Last week, when Michele Bachmann and other, less amusing Republican presidential candidates visited Iowa, they were approached by local busybody Bob Vander Plaats and asked to sign something called The Marriage Vow. You may remember Vander Plaats from his infuriatingly successful campaign to recall Iowa Supreme Court justices who said gay marriage was constitutional, or from when he offered to fellate you in a highway rest stop, although that second one is technically libel. Anyway, Bachmann and man-on-dog guy signed the heck out of that pledge, taking the politically risky position that families, children, not cheating on your wife and church are all good. Plus, by deduction: homosexuality is bad. Oh, and also black people had it better under slavery, because more of them were married then.
That last part, uh, maybe The Family Leader shouldn’t have put that in there. Here it is in its original:
Slavery had a disastrous impact on African-American families, yet sadly a child born into slavery in 1860 was more likely to be raised by his mother and father in a two-parent household than was an African-American baby born after the election of the USA’s first African-American President.
The footnote accompanying this passage cited a statistical abstract from 2005, which sort of undercuts the concept “after the election of the USA’s first African-American President.” It’s cool, though, since The Family Leader took that part out—after B&S had signed it, but whatever. The point is, it goes without saying that both candidates think slavery was horrible. Although it does go a little less once you actually hear them say it. Here’s Bachmann’s spokesperson:
In no uncertain terms, Congresswoman Bachmann believe that slavery was horrible and economic enslavement is also horrible.
See, there’s an uncertain term in there. CNN did not inquire as to what “economic enslavement” meant, but presumably it has something to do with health care reform. One of the things so brain-slippingly offensive about the original item was that it created a vague moral equivalence between the problem of slavery and the problem of people getting divorced. That Bachmann set out to repudiate that equivalence and, in the process, constructed another one is a testament to the kind of deep thinking we’re working with here.
It’s a pledge. Bachmann didn’t give much thought to the slavery paragraph when she signed it the first time; she was also okay with Vander Plaats changing a document she signed after she signed it, and now that it’s been changed her public statements suggest that she doesn’t understand exactly what it said either then or now. You know why? Because Michele Bachmann’s word is not something she takes seriously. That’s why she knows so many statistical facts.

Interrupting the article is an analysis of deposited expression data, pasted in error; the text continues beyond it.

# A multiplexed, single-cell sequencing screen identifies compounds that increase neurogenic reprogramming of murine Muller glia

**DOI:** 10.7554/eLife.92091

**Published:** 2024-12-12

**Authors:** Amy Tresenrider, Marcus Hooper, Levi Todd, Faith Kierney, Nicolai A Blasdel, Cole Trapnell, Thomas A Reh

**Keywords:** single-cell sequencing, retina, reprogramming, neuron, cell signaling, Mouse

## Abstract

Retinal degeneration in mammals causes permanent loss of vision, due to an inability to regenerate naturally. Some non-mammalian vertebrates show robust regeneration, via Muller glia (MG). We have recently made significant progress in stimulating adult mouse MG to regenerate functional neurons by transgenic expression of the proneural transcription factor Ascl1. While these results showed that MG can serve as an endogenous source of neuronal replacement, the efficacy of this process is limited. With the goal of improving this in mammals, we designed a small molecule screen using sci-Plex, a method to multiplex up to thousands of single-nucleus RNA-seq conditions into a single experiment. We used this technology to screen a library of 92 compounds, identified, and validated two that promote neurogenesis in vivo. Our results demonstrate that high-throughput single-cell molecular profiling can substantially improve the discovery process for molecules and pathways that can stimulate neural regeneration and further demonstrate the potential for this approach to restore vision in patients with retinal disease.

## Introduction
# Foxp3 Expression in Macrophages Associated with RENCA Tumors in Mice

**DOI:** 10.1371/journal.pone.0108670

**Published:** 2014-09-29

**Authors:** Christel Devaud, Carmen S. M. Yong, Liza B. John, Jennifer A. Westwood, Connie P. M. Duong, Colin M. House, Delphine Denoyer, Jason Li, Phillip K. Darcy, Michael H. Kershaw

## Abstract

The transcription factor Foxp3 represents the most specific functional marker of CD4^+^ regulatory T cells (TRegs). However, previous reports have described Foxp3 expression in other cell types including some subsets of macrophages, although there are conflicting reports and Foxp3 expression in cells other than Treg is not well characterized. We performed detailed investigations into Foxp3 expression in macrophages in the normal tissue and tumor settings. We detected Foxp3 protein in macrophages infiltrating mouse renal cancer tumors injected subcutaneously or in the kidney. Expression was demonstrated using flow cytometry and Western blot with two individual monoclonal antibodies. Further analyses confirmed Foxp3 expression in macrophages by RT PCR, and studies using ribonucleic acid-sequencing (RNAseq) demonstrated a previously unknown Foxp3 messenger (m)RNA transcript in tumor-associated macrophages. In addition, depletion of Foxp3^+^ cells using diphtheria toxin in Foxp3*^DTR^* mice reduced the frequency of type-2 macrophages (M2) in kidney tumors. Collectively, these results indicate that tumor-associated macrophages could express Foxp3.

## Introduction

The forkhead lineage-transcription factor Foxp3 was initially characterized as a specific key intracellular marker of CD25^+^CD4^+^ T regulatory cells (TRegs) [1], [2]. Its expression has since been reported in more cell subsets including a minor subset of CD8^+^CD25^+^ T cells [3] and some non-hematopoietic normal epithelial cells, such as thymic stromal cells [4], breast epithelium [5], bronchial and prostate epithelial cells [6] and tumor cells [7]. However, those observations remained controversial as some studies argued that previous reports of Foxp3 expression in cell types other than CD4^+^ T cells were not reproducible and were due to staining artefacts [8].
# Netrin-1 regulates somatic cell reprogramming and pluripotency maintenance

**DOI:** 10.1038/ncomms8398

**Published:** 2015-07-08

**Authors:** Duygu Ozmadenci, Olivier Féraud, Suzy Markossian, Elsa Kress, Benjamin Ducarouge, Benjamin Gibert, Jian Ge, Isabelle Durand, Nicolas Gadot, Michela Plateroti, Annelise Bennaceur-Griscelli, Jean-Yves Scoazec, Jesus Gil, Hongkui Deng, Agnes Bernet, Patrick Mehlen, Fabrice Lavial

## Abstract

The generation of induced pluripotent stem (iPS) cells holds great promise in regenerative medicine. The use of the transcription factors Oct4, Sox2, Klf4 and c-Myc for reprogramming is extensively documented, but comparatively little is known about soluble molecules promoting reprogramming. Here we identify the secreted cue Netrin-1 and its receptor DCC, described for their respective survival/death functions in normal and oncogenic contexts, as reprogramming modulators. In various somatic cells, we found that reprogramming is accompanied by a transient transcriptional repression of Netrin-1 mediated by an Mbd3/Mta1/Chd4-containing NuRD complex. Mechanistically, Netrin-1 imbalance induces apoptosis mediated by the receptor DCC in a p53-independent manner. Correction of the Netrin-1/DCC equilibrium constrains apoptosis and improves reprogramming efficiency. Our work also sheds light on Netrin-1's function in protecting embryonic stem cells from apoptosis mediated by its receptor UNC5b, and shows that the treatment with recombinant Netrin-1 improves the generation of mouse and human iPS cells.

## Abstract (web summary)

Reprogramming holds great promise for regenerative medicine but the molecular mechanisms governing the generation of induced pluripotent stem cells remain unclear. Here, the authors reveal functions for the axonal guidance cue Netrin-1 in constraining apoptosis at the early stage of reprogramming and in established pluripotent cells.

This phenomenon is captured nicely in the bullet point with which the Family Leader replaced the original slavery claim. Quote:
LBJ’s 1965 War on Poverty was triggered in part by the famous “Moynihan Report” finding that the black out-of-wedlock birthrate had hit 26%; today, the white rate exceeds that, the overall rate is 41%, and over 70% of African-American babies are born to single parents—a prime sociological indicator for poverty, pathology and prison regardless of race or ethnicity.
The footnote for this claim—that living in a single-parent household is “a prime sociological indicator” for such phenomena as “prison” and “pathology”—cites this Heritage Foundation “webmemo,” entitled “Married Fathers: America’s Greatest Weapon Against Child Poverty.” That particular work of scholarship is chock full of questionable claims, but the central one is that “the principal cause of child poverty in the U.S. is the absence of married fathers in the home.” Here’s how they prove it:
According to the U.S Census, the poverty rate in 2008 for single parents with children was 35.6 percent. The rate for married couples with children was 6.4 percent. Being raised in a married family reduces a child’s probability of living in poverty by about 80 percent.
Can you spot the logical fallacy in this argument? Correlation is not causation, and “being raised in a married family” happens to dramatically increase the likelihood that a child’s census-identified household will contain two people who earn incomes. For sure, single mothers are more likely to be poor. Any one of them is also less likely to garner the same annual wage as two adults of her educational background, especially since child support payments are not included in household income.
But I am making a classic mistake of the secular person confronted with the church person’s argument about how we should remake society: I am treating The Family Leader, Vander Plaats, and Sanmann-Torbach as if they really wanted reduce child poverty. If they did, maybe they wouldn’t consistently vote against unemployment benefits and aid to families with dependent children. But for these people, “stay married” comes first, and the reasons come second. The obvious reason behind The Marriage Vow is “the Bible says so.” Maybe that’s what the letter will say when President Bachmann tells you that you can’t get divorced.